Bridgewater, NS, Canada / CKBW — Canadian softwood lumber producers are seeing higher duties on their exports to the United States.

It comes after the U.S. Commerce Department announced tariffs for most producers would increase to 17.9 per cent.

In New Brunswick, J.D. Irving, Limited’s rate will nearly quadruple from 4.2 percent to 15 percent.

Ron Marcolin, divisional vice-president of the Canadian Manufacturers & Exporters, said in an interview it seems the United States is repeating what it did with steel and aluminum tariffs.

“This is a political argument, of course in the days of Trump he was using steal and aluminum to curry favour in the States where he had some issues, Biden now with a bit of a lower interest in the polls he too is listening to the very keen lumber lobbyist in Washington to bring up the rhetoric around softwood lumber yet again.”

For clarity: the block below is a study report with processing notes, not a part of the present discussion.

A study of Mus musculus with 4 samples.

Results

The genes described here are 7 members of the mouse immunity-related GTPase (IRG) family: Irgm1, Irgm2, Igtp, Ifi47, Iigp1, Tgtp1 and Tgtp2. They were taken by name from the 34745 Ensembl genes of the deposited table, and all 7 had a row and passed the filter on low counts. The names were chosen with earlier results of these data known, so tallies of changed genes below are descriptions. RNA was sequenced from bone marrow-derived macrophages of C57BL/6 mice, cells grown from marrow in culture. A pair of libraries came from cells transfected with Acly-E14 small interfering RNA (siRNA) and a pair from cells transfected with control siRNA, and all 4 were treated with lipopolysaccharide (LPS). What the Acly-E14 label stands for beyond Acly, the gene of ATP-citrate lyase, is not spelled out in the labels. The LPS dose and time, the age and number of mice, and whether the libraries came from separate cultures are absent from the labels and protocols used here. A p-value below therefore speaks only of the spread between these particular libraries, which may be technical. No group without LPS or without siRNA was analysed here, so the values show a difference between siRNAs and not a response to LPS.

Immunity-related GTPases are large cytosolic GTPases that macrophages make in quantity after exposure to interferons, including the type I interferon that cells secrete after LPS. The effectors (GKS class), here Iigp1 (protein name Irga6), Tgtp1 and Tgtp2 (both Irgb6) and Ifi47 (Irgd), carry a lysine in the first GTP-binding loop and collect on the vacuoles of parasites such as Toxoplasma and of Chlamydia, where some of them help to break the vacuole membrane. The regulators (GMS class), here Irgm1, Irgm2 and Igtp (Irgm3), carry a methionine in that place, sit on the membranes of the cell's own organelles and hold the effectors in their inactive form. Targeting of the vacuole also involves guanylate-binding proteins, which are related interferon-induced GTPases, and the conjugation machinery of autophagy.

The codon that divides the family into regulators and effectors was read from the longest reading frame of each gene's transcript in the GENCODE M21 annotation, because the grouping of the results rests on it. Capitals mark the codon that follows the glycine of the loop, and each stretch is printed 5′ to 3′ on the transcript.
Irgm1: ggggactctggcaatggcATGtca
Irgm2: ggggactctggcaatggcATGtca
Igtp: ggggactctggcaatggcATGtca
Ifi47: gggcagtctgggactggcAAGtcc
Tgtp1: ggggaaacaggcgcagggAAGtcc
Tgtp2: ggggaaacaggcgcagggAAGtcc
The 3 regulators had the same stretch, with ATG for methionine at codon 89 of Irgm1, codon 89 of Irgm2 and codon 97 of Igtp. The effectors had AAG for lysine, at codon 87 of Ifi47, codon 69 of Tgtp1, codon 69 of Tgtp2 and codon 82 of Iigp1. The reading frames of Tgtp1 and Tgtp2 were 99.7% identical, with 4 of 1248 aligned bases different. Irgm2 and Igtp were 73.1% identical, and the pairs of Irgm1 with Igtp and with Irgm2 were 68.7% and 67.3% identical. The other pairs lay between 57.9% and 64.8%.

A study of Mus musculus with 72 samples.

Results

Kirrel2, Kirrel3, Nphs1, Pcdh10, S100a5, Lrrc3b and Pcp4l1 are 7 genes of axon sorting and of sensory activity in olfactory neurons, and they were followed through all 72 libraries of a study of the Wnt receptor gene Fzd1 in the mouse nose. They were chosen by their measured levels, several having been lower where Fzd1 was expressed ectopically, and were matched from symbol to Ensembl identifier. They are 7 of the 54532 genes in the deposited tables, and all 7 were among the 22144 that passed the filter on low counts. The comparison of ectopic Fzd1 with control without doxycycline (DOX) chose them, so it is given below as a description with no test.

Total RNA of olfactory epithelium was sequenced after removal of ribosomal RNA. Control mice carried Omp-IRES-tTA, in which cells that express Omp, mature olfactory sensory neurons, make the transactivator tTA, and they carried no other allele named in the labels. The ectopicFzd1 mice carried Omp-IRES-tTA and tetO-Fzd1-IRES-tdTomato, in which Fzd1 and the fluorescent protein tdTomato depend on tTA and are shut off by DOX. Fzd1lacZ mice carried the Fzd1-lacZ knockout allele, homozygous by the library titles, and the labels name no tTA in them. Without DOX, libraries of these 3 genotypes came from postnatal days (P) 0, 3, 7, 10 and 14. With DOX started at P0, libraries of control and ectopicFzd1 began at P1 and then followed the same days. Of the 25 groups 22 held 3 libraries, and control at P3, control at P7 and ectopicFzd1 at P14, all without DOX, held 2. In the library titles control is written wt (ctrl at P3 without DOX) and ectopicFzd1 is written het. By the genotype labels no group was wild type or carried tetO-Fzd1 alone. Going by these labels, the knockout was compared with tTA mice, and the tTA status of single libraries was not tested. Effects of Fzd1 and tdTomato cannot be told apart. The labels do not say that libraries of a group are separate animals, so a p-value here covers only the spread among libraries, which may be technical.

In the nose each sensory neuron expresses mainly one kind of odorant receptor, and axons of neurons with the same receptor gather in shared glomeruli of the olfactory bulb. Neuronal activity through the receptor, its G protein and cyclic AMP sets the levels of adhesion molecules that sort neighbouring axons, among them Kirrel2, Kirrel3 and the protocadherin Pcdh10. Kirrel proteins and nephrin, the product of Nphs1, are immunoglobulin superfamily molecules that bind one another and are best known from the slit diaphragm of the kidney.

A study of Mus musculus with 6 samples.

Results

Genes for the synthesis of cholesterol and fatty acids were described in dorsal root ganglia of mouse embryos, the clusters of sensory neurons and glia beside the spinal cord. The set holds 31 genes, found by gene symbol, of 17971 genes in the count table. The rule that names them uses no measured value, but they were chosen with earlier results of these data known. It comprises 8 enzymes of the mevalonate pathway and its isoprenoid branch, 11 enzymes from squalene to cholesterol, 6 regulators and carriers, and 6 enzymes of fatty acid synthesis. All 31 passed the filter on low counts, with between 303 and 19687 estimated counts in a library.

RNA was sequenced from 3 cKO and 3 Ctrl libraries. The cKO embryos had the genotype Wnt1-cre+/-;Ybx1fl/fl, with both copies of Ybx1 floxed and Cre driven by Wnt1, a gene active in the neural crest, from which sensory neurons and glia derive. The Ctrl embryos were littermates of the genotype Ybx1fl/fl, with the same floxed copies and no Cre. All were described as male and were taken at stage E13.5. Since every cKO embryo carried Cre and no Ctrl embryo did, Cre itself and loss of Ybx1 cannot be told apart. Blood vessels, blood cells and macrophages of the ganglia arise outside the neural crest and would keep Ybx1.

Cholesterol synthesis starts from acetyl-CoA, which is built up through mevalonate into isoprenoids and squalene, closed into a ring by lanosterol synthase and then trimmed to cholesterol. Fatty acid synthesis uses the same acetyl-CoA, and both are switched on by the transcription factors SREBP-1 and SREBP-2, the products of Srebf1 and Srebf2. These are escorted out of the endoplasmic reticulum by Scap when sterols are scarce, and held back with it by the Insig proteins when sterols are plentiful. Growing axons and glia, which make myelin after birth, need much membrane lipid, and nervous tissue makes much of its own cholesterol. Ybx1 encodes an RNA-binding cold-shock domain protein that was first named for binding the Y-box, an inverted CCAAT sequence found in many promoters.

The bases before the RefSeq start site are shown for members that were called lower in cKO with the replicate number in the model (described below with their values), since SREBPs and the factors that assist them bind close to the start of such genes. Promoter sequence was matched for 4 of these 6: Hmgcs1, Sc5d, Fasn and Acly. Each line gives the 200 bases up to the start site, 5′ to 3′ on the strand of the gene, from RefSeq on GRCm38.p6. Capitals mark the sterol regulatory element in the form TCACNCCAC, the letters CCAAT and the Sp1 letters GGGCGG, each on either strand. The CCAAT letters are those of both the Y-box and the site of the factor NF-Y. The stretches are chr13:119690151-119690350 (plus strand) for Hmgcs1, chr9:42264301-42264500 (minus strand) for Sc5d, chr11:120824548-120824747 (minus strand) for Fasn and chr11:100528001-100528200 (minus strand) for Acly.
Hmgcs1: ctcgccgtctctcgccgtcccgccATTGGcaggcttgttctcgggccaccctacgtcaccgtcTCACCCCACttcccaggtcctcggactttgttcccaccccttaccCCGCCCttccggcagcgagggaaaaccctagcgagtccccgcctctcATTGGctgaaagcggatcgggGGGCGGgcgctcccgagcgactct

“But, different government, different product, but still the same protectionistic attitude, but as far as New Brunswick exports are concerned, we understand that the product will still be the same, and all costs will be pushed onto the end consumer,” continued Marcolin

Marcolin mentioned the higher tariffs will penalize U.S. new home buyers because of increased lumber prices.

“Homebuyers are very much against this increase because they are the ones that will be paying the cost of the increased tax and tariffs, it’s not the lumber producers that are going to win here, it’s the homeowners that are going to lose.”

Marcolin added the U.S. cannot produce enough softwood lumber internally to meet its demand, “so they are forced to import … so, we play a major role in their imports and our exports, but it’s unfair to penalize the nation that’s your closest ally and trading partner.”